Sex education shouldn’t be controversial
Sexuality education is more than just putting condoms on bananas. And it’s even more than preventing sexually transmitted infections and avoiding unintended pregnancy. Sexuality education teaches young people the importance of treating everyone with dignity, respect, fairness and compassion for others as core values.
From the American Medical Association to the American Academy of Pediatrics, experts agree that comprehensive, inclusive and medically accurate sexuality education is critical for young people. Comprehensive, inclusive and medically accurate sexuality education helps young people grow up to become healthier and more successful adults; it leads to lower STI rates, fewer unintended pregnancies, better self-esteem and healthier relationships; and it helps young people develop social and emotional skills to become caring and empathetic human beings.
Considering these multiple benefits, sexuality education should not be a controversial issue. The overwhelming majority of Americans want young people to get sexuality education that covers a wide range of topics — and that includes Republicans and Democrats. When families have the facts, it’s easier to talk honestly about safety, consent and contraception so young people are equipped with the knowledge and skills they need inside and outside the classroom.
Sexuality education has never been universally accessible, but now it’s even more at risk due to anti-sex education movements by powerful groups. Even here in Oregon, where we have one of the nation’s strongest sex-ed laws, our school districts lack parental support and engagement to provide a curriculum that’s accurate and inclusive.
Opposition to honest education is nothing new. There has always been a vocal minority intent on stopping honest, equity-centered education that could lead to positive social change. In the 1950s, this same vocal minority focused on keeping Black students out of all-white schools. In the 1990s, the goal was to censor facts regarding evolution in science classes. Now, well-funded organizations like Parents’ Rights In Education are creating a false panic about sexuality education and all equity work in schools.
These extremists are organizing a vocal minority of individuals — wrongly portrayed as a grassroots effort — to stoke fear and outrage around sexuality education in communities across the country. They blatantly lie to cause panic so they can dictate what is and isn’t allowed in schools — including pushing for “abstinence only” programs and banning students from safely using the bathroom that matches their gender identity.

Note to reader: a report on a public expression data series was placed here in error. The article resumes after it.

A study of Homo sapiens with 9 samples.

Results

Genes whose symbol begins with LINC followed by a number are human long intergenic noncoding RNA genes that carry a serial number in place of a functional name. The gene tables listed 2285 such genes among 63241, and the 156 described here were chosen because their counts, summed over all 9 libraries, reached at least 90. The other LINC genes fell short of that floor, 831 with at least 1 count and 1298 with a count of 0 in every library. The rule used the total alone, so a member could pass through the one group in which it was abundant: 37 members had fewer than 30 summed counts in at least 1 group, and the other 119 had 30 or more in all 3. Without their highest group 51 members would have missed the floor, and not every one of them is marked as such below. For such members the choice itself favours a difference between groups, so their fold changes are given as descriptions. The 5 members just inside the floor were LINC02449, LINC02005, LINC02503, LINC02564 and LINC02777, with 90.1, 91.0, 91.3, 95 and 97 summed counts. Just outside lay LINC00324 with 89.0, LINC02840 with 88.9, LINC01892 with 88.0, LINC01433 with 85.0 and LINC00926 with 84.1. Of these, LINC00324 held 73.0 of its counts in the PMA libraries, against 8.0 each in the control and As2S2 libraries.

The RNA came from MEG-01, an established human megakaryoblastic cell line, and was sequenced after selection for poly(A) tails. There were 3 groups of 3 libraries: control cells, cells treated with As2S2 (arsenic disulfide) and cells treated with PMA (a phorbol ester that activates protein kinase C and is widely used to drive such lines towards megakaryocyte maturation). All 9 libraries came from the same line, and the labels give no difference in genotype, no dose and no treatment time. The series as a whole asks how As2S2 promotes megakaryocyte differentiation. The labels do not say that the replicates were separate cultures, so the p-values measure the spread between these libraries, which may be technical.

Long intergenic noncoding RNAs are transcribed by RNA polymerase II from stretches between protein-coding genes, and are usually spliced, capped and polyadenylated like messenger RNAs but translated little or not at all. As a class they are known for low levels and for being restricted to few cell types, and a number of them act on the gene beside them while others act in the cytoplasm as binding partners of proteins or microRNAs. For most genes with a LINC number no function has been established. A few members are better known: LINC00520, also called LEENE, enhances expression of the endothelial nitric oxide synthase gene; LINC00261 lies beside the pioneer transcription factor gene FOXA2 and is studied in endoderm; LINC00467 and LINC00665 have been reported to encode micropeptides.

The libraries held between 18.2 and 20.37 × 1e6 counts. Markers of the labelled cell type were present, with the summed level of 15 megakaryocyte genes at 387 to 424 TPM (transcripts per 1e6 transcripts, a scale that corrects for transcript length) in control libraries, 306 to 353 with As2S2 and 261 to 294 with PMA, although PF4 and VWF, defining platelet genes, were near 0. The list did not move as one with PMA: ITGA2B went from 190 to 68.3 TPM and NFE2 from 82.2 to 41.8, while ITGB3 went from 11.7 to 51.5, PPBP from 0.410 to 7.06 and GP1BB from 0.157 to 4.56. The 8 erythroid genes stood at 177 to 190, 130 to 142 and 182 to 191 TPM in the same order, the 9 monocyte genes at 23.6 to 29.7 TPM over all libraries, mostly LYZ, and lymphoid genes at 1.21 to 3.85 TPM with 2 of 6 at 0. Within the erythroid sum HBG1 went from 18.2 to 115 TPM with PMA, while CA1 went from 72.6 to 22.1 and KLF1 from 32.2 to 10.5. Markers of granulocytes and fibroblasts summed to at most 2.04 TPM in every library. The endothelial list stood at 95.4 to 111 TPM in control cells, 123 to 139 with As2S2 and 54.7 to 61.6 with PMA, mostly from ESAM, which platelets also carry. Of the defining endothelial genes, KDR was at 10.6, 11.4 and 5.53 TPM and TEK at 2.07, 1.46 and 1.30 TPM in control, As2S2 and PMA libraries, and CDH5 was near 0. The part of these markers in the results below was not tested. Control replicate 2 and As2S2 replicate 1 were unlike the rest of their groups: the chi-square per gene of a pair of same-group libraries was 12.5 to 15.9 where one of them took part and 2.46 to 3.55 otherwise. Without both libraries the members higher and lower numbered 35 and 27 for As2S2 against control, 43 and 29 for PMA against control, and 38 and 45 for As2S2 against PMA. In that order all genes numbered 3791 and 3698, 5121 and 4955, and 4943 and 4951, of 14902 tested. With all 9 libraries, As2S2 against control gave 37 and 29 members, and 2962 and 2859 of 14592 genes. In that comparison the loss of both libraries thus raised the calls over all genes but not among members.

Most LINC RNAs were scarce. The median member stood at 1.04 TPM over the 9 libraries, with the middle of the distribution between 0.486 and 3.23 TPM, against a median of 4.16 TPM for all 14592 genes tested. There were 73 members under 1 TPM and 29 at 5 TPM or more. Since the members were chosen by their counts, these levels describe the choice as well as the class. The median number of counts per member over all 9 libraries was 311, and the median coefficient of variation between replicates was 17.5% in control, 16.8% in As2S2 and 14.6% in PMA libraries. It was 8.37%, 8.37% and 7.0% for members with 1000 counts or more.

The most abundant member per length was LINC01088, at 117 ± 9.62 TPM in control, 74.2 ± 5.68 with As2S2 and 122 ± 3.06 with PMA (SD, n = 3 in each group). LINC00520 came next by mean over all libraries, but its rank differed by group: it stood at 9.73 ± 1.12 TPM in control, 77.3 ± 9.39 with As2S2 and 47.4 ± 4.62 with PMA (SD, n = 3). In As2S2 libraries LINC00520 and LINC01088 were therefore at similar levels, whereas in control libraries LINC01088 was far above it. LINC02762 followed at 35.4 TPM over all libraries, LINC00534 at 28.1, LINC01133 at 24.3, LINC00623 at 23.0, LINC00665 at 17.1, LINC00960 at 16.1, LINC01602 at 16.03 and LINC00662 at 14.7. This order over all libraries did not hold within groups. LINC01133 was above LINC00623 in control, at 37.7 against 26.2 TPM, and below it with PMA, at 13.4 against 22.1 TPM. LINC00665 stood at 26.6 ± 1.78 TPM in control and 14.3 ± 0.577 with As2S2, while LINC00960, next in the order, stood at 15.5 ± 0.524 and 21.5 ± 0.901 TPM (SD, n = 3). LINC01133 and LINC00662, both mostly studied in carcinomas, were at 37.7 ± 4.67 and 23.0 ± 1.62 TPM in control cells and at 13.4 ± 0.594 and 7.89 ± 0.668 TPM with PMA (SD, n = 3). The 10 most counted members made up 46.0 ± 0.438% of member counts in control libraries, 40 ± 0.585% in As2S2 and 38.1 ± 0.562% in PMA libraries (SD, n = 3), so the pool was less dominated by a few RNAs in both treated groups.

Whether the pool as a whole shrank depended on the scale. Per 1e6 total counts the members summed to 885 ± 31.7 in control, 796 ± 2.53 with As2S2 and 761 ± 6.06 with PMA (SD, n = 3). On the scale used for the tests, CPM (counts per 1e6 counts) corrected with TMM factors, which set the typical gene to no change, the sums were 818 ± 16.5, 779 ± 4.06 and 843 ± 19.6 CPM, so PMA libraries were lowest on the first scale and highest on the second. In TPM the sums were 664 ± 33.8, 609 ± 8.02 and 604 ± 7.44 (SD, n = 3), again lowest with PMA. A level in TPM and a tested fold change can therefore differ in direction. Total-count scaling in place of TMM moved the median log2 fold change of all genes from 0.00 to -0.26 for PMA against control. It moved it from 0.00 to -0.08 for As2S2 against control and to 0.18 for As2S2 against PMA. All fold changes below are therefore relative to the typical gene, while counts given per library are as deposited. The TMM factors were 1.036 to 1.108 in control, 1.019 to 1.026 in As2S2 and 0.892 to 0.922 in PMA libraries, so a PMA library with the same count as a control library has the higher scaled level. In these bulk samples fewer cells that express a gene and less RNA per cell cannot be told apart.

To create an illusion of grassroots resistance, these groups have brought people from other towns or states to pretend they live locally and take over school board meetings. They fund big social media misinformation campaigns and harass young people, parents and staff who advocate for real education and safe schools.
Let’s be clear: Young people deserve answers to their questions about sex and relationships, free of shame and stigma no matter who they are, where they live or what their income is. Eliminating or censoring sexuality education sets them up for failure instead of success.
May is Sex Ed for All Month, a great time for parents and caregivers to advocate for sexuality education in the Rogue Valley. Be sure to ask the right questions: Ask your children what, if any, sexuality education they’ve gotten in school. Find out if your children are happy with what they’re taught, if they feel included and what they wish their schools would teach.
It’s also helpful to research who is making decisions about sexuality education at your local school; it may be a health coordinator, an individual teacher or a districtwide School Health Advisory Committee. You can contact them to learn what topics are being taught, what curriculum is being used and who is teaching the program.
Without a national sexuality education program or full funding at the federal level, the quality of programs varies across the country, if they exist at all. Contact your elected leaders and tell them to support the Real Education and Access for Healthy Youth Act and federal funding for sex education like the Teen Pregnancy Prevention Program and the Personal Responsibility Education Program and to remove funding for so-called Sexual Risk Avoidance (aka “abstinence only”) programs.
We all want the best education for our kids, including sexuality education. Where you live shouldn’t determine the quality of the education you receive.
Sexuality education works. It gives young people the knowledge and skills they need for a lifetime of good health and happiness, and it sets them up for success in a diverse society.
Gabbie Michelle of Grants Pass is a community educator with Planned Parenthood of Southwestern Oregon.